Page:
Listen to this story, narrated by C. S. E. Cooney:
Sometimes my mother calls me just to say hi: she says that a song she heard on the minibus made her think of me, or a photo in a magazine (she insists that I look like a certain fashionable actor), she talks to me for a few minutes about what she’s been doing, how the family is, and then she says goodbye.
In these cases, I’m glad she tried to reach me; enough that I don’t even mention that her calls always wake me up, and it takes me a long time to get back to sleep. It makes me really happy to know that she loves me despite everything.
But there are other times when she calls to complain: about my absence, about her loneliness, about how cold I’ve become with her, about how my visits are more and more sporadic, never mind the reasons (even though she knows very well that it’s not so simple for me to make the trip). She cries, she screams that I don’t put any effort in on my part. Such a reproach! And she accuses me of becoming more selfish and indifferent since a certain date.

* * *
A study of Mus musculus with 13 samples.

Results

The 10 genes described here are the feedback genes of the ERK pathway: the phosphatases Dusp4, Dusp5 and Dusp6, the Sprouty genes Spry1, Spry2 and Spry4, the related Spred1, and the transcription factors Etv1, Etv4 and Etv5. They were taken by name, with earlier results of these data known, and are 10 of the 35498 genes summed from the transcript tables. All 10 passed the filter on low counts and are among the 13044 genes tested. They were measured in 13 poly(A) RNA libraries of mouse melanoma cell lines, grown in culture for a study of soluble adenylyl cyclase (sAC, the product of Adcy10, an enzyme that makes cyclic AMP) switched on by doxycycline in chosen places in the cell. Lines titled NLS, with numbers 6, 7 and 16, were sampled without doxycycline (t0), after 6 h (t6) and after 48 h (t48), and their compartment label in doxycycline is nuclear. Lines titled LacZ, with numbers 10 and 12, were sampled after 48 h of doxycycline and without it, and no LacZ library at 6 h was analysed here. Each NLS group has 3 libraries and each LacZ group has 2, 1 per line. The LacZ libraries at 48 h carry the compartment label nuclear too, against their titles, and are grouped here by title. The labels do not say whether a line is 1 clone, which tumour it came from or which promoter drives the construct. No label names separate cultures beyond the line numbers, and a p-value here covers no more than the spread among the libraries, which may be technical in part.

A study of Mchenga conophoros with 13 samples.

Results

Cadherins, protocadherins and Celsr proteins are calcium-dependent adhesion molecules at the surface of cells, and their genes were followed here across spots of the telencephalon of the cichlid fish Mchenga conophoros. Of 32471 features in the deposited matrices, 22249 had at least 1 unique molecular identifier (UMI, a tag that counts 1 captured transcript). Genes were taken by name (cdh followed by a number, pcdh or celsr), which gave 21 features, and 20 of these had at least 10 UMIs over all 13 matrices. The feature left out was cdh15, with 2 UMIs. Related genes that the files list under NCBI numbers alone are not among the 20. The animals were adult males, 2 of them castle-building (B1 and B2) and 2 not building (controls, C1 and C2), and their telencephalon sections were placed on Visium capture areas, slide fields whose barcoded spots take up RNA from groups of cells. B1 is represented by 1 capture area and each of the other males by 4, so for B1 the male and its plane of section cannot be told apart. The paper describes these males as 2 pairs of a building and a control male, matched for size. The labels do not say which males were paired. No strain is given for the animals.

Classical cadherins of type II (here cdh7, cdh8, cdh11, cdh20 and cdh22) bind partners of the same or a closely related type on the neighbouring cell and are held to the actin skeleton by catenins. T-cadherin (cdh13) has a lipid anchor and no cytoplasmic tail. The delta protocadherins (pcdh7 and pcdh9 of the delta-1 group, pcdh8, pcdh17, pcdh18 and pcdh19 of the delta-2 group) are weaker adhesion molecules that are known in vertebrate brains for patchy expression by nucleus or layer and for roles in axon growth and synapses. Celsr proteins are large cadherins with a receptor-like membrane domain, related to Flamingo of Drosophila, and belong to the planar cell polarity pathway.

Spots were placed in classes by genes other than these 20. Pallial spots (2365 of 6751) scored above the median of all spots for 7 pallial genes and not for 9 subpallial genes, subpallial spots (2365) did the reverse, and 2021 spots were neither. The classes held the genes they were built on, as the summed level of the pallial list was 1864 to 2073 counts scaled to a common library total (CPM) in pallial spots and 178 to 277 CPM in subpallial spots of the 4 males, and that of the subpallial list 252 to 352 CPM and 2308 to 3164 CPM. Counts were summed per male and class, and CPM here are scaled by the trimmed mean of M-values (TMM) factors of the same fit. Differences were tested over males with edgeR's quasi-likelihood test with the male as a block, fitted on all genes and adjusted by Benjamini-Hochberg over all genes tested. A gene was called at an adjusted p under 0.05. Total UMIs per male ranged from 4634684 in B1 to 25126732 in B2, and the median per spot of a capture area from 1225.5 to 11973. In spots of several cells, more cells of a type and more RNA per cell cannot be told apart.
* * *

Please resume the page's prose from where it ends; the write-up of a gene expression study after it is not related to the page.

She gets sanctimonious and says that an accident — she says it that way, with contempt, instead of THE accident — is no justification for my having gotten so distant.
In these cases, to be honest, I get angry. It’s really unfair of her to put me in that position, so I don’t respond. And of course she rails and tells me to go to hell. After a while she calms down and calls me again, she asks my forgiveness, she says that she misses me, that she understands, that it hurts that I’ve gone away; but I, with all due respect, move the glass stubbornly over the table again and again towards the word, “Goodbye.”